CSI Graduate Wins National Honors for Novel ‘Green’ Fuel

December 12, 2007 | College of Staten Island

Soumitri Seshadri, who recently graduated from the College of Staten Island, has won first-place honors at the American Society of Engineers’ International Mechanical Engineering Congress Exposition, which was held recently in Seattle.

According to CSI Engineering Science and Physics Professor Alfred Levine, Seshadri’s win in the Technical Poster Presentation category was for his senior project at CSI, which featured the fabrication and test of “a novel portable fuel combining nano-particles of aluminum and molybdenum oxide. When combusted, this combination can produce huge thrust without producing any carbon dioxide. It may be possible to use this to fuel jet planes without causing global warming.”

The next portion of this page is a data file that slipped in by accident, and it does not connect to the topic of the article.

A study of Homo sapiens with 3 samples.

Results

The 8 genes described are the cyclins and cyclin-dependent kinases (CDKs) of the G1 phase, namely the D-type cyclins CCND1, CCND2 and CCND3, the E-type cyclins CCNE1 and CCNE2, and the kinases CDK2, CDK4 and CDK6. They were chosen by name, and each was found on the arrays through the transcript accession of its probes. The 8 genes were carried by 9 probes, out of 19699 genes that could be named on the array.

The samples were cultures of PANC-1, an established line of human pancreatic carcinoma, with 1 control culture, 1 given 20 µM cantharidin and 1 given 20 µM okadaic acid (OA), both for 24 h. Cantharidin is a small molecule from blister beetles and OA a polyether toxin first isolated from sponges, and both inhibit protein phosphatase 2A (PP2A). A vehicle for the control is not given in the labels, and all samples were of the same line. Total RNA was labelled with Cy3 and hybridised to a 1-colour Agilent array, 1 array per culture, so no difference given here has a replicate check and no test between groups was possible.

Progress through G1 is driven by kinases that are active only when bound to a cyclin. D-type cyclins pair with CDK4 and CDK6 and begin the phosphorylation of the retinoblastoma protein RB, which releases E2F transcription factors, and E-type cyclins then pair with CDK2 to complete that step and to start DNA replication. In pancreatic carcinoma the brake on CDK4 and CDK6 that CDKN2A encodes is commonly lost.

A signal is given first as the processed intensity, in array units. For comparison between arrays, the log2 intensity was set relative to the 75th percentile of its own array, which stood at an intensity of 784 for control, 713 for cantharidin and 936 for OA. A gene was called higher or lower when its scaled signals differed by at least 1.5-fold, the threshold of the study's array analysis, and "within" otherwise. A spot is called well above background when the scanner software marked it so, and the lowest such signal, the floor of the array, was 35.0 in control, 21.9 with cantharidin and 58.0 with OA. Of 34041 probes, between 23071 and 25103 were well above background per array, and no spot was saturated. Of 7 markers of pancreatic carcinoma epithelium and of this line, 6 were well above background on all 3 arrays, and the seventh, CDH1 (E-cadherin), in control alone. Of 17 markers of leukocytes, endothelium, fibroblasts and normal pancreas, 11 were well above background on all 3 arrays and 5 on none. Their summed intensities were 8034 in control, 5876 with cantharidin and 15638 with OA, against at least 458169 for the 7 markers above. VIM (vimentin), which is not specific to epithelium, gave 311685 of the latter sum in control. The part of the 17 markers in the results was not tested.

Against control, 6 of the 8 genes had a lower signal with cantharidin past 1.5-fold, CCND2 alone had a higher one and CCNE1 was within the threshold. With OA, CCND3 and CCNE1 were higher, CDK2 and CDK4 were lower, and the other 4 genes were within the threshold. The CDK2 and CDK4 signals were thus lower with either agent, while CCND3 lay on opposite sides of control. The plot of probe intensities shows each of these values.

Seshadri, who just began working for Lockheed Martin, says that this project was originally sponsored by the Defense Threat Reduction Agency (DTRA) as a way of finding an alternative fuel source for submarines and missiles. Now that the DTRA has the results of the project and has found that they agree with their own findings, Seshadri reports that the agency will now try to find a way to implement the fuel in actual missiles.

Regarding his award, Seshadri states that “it was very exhilarating” to win first place, adding that “it goes to show you that if you put in a lot of time and effort, you get recognized for it.”

Seshadri says that he intends to further his education, but that he will eventually determine his focus after he contributes to more projects in his new position at Lockheed Martin.